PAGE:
Lula remained holed up inside the headquarters of a steelworkers union in metropolitan Sao Paulo with aides and allies after the federal judge's deadline of 5 p.m. (2000 GMT) to surrender to authorities. However, Lula's legal team was
negotiating his surrender with federal police, a source with knowledge of the matter told Reuters.
Federal police in Sao Paulo declined to say if they would attempt to forcibly take the former president into custody, a move that could trigger intense clashes with his supporters. A union spokesman said Lula was mulling his options with lawyers.
His legal team, which lost their last-minute appeal to a higher court, argued they had not exhausted procedural appeals and painted the case as an effort to remove Lula from the presidential race he is leading.
Hundreds of supporters filled the street outside the union headquarters, cheering defiant speeches calling the case a political witch hunt. A banner hung from the building showed Lula's smiling face on an electronic voting machine.
"We are here to show that the workers will resist this attack against democracy," said Jorge Nazareno, a union leader who said he had met briefly with Lula on Friday morning.
Lula himself had not addressed the crowd nearly 24 hours after arriving at the building, although union leaders said in an statement posted on their website that he would speak to the crowd Friday afternoon.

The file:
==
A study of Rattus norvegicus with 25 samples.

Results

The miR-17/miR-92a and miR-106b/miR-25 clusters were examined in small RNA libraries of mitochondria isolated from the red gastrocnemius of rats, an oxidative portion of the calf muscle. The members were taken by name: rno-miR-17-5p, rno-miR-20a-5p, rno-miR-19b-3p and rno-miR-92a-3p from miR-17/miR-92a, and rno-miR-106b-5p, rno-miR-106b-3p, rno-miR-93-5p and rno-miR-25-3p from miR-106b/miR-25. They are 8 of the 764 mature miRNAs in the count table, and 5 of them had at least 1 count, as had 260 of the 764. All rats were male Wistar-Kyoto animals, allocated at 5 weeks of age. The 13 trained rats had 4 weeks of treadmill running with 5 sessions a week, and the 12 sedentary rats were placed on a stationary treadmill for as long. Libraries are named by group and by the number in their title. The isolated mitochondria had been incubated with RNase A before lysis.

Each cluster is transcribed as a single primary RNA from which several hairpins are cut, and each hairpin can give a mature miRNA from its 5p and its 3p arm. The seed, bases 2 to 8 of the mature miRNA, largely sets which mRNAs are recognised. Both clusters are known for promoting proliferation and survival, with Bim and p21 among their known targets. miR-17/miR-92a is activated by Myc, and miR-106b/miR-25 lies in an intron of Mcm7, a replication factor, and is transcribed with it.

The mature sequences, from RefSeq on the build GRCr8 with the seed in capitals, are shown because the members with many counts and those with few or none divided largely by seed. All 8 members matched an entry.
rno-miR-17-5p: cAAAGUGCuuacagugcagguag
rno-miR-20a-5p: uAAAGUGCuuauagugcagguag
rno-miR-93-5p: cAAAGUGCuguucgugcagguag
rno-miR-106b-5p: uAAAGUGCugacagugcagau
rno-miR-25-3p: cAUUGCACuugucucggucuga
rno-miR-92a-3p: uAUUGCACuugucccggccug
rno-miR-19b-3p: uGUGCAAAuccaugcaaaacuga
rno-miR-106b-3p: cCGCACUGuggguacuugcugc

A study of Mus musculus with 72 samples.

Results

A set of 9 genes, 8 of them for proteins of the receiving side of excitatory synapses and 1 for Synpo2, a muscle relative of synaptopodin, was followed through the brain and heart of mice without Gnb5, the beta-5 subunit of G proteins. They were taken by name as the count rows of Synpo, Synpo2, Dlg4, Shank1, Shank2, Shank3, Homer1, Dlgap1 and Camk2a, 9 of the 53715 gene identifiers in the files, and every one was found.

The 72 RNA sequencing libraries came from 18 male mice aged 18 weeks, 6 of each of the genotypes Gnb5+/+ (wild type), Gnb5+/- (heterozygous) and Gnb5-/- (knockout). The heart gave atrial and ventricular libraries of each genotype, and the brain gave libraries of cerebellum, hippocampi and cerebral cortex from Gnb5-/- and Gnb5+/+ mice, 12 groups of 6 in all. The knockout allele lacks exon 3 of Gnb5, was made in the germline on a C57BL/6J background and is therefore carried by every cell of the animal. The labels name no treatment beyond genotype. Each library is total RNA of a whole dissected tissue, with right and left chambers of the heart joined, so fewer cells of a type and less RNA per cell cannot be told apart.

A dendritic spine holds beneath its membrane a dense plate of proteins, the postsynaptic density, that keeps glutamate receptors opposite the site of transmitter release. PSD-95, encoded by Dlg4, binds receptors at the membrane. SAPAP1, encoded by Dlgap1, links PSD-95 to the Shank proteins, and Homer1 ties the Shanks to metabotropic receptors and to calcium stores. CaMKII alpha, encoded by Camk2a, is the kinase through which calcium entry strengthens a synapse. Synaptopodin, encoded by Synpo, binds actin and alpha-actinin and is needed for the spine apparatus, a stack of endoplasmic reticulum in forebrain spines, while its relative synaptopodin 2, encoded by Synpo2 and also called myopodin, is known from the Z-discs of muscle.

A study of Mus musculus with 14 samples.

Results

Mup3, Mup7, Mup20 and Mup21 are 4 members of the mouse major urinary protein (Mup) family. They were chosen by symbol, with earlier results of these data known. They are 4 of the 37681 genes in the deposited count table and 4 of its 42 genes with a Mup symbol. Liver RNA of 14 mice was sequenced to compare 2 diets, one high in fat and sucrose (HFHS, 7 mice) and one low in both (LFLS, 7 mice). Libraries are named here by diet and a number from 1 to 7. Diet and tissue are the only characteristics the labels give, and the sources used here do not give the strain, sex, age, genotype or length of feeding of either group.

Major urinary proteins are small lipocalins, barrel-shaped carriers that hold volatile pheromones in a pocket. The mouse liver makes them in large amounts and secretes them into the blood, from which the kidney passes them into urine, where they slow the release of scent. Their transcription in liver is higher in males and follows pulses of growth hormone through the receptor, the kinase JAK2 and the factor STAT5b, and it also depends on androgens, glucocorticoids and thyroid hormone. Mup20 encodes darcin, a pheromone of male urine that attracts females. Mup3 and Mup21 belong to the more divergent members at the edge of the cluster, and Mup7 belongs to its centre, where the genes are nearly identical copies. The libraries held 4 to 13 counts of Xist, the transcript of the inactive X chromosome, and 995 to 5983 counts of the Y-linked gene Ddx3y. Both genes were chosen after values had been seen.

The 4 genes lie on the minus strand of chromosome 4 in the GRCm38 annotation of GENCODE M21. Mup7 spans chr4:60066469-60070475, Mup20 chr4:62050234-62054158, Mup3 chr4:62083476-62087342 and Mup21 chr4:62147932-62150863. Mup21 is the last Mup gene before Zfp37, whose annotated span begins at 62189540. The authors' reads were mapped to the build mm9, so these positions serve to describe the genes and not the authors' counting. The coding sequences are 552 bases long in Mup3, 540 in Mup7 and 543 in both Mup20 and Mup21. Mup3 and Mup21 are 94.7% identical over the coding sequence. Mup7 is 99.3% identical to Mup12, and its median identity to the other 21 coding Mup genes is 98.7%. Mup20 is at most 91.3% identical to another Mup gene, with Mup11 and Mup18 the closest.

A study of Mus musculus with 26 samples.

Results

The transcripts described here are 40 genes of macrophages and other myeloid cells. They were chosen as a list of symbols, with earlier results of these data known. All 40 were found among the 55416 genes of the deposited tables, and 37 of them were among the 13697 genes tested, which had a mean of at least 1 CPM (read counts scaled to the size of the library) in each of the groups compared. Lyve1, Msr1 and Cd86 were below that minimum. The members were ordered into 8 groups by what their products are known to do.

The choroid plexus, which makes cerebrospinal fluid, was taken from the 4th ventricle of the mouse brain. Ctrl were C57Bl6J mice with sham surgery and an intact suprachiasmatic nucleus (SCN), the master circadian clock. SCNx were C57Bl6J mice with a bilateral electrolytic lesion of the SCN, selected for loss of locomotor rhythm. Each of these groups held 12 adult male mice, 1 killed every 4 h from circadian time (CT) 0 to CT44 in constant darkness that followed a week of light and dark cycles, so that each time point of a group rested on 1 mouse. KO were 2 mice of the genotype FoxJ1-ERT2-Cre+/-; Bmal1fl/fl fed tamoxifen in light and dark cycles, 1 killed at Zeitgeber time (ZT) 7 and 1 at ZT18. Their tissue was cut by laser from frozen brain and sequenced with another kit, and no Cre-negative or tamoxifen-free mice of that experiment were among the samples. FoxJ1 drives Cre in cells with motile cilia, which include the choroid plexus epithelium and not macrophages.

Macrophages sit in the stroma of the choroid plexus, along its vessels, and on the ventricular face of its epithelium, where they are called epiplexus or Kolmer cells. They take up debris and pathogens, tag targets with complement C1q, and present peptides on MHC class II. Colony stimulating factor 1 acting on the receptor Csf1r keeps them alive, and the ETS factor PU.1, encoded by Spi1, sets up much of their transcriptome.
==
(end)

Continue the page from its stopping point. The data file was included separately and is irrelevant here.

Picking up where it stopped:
Many of those in the crowd, including workers, students and land rights activists, camped overnight Thursday in the streets.
The same steelworkers union in Sao Paulo's industrial suburbs where Lula sought refuge served as the launch pad for his political career nearly four decades ago, when he led nationwide strikes that helped to end Brazil's 1964-85 military
Lula's everyman style and unvarnished speeches electrified masses long governed by the elite and eventually won him two terms as president, from 2003 to 2011, when he oversaw robust economic growth and falling inequality amid a commodities boom.
He left office with sky-high approval of 83 percent and was called "the most popular politician on Earth" by former US President Barack Obama.
Lula's downfall has been as stunning as the unprecedented corruption probes that have convulsed Brazil for the last four years, jailing dozens of politicians and business leaders long considered above the law.
Federal Judge Sergio Moro, who has handled the bulk of cases in Brazil's biggest-ever graft investigation and issued Lula's prison order, wrote that he should not be handcuffed and would have a special cell in Curitiba, where he stood trial.
Lula was convicted last year for taking bribes from an engineering firm in return for help landing contracts with state-run oil company Petroleo Brasileiro SA.
Brazil's Supreme Court on Thursday rejected Lula's plea to remain free until he exhausts all his appeals, in a case he calls a political witch hunt.
The ruling likely ends his political career and blows October's election wide open, leaving Brazil's left without an obvious candidate to regain power following the unpopular current president, Michel Temer.
Under Brazilian electoral law, a candidate is forbidden from running for office for eight years after being found guilty of a crime. Rare exceptions have been made in the past, and the final decision would be made by the top electoral court if and when Lula officially files to be a candidate.
Brazilian financial markets rallied on Thursday after the Supreme Court cleared the way for Lula's imprisonment, which increased the chances of a market-friendly candidate winning the election, according to analysts and political foes.
Cassio Goncalves, a labor safety specialist at the union headquarters, said Lula's Workers Party had not considered alternatives in the presidential race.
"We have no other plan," he said. "Plan A, B and C is Lula, because he is innocent. He will be our president."